From 2016 to 2018
Earth observation satellites generate a lot of data and most analytic solutions are automated. I briefly touched two sensitive areas of research in this field, the cloud detection and land labeling. I had the honor of working with the following instruments/satellites: GOCI (Korea Ocean Satellite Center), MODIS, CALIPSO, Sentinel 1, Sentinel 2, and Planet.
Clouds are formed by liquid water aggregated in a large mass inside the atmosphere. They are tricky to be detected because in this form, water “looks” roughly the same as snow, smog or some marine currents. Not to mention parallax effects and cloud shadows. Of course, some instruments have spectral bands dedicated to this discrimination, but not all.
The goal of the project was to develop a better “cloud mask” for a specific instrument, GOCI, that is on a geostationary satellite looking over the Asia region.
The interesting take about this project was that the progress was done through massive feature engineering rather than ML. Despite the not-so-great success, I got the pleasure of staring at the clouds for my day job!
NASA provides a nice data visualization for GOCI archive. Feast your eyes with the endless and weird shapes the clouds can form!
My favourite? Kármán vortices and early winter sunrises!
Firey sunrise [or sunset] over China(?) during winter. The GOCI instrument aquire images only during the day. However, in winter, the sun is really low, creating these spectacular images! The reds are because our atmosphere scatters the blue wavelengths a bit more.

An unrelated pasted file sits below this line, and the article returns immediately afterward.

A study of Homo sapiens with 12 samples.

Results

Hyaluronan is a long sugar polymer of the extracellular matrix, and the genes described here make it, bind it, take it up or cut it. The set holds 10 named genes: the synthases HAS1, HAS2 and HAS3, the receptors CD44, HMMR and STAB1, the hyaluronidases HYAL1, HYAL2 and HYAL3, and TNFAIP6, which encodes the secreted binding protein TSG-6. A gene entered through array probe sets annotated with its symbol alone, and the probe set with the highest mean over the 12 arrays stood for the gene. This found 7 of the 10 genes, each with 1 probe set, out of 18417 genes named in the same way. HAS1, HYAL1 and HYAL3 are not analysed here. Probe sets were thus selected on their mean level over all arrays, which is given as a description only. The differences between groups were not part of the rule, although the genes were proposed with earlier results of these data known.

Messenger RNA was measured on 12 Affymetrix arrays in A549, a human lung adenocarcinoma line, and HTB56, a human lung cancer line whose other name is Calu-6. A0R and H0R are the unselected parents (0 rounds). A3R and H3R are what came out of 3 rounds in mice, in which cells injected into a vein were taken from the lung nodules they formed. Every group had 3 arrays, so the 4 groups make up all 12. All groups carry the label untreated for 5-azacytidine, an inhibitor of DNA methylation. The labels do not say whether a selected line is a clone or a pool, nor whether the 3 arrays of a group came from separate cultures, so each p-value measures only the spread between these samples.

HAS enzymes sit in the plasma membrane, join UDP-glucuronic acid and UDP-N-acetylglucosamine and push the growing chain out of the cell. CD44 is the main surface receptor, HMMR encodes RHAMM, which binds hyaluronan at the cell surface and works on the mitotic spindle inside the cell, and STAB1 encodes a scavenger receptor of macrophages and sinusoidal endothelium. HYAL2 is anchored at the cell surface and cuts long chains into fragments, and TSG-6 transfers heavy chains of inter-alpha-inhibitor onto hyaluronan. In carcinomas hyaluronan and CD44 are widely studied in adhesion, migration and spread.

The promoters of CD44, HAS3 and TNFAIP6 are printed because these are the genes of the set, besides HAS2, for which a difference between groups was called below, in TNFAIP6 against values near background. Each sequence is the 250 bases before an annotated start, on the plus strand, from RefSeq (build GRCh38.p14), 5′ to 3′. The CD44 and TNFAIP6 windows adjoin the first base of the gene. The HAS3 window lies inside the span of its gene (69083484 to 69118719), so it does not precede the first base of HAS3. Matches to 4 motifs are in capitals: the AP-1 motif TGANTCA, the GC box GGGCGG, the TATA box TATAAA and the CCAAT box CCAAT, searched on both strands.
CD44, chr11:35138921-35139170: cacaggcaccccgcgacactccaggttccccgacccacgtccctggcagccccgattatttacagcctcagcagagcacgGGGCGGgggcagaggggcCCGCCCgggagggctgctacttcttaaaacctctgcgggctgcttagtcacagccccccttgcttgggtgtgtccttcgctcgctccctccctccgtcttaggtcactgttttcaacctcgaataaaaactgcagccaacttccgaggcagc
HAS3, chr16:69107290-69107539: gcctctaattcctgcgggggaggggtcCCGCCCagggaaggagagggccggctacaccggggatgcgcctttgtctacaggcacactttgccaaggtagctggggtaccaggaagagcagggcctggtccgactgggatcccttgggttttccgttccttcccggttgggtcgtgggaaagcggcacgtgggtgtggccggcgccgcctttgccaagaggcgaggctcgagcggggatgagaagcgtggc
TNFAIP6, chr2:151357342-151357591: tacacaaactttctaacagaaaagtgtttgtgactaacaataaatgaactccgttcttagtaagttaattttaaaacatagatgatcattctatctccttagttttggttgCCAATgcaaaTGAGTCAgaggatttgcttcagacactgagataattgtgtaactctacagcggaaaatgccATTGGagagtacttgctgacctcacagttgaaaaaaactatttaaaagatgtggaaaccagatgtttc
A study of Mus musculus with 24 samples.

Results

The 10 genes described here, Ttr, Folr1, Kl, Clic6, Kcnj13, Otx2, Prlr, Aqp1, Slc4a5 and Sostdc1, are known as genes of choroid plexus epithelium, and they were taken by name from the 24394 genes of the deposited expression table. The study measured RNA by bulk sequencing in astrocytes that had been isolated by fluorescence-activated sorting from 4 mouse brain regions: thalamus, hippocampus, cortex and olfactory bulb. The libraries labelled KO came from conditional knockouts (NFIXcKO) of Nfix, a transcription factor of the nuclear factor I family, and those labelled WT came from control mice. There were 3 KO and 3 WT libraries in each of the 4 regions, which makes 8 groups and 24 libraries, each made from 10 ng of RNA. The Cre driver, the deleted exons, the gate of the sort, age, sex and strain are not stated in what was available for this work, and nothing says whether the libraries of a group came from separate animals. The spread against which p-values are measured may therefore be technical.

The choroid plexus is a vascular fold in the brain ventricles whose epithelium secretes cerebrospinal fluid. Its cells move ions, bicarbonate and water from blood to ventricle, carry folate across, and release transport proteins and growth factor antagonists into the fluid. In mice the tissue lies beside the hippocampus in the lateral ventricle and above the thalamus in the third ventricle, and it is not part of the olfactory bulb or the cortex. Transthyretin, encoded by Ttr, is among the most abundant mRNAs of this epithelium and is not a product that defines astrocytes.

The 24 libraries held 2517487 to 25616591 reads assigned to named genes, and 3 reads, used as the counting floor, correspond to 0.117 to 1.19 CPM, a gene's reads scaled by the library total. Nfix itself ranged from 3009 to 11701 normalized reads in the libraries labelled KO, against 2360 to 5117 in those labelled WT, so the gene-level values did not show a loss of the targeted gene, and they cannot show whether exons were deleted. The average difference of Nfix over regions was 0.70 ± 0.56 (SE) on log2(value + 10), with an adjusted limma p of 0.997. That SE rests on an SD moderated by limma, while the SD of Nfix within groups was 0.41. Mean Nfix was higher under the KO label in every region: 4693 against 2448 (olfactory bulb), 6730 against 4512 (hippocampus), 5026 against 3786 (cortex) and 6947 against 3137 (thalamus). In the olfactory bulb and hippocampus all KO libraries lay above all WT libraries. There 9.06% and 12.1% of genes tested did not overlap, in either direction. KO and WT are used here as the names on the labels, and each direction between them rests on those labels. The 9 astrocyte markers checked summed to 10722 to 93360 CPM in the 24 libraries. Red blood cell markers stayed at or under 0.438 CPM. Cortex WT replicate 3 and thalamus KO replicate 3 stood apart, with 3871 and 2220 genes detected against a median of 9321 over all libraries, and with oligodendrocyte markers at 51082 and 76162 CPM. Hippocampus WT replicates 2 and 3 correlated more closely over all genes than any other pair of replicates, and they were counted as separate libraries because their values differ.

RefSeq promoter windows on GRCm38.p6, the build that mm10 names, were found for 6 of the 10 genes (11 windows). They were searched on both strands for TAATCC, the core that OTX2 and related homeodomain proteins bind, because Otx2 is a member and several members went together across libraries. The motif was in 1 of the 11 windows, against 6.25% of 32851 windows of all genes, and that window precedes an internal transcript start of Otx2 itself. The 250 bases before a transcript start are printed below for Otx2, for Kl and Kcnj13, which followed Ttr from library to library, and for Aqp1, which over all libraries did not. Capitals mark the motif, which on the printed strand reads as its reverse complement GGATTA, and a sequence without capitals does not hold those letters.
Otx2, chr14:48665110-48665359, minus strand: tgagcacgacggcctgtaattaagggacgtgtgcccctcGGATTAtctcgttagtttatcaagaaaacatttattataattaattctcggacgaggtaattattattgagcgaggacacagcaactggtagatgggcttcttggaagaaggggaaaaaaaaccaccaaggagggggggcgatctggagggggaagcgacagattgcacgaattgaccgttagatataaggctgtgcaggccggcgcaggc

von Kármán vortices created by Yakushima(?) island.
Unfortunately I lost track of where and when those scenes were originated from and I don’t have the full composite GOCI image archive. I tried to browse NASA archive, but well, searching the needle in a quite large image haystack.
Land mass characterization
An application when having multi-spectral, multi-modality data is to determine the quality of the surveyed land. For example, quality and quantity of crops could be evaluated automatically and government level entities could act on such analytical data.
With my team I tried to do a “sensor fusion” between Sentinel 1 and 2 data. With high quality labels and enough compute power, the results were decent. Looking “through” the clouds, and “seeing” changes is quite a powerful tool. Unfortunately, the stakeholders decided that the derived analytics are not relevant enough [and did not fund the prototype] so the project was cancelled.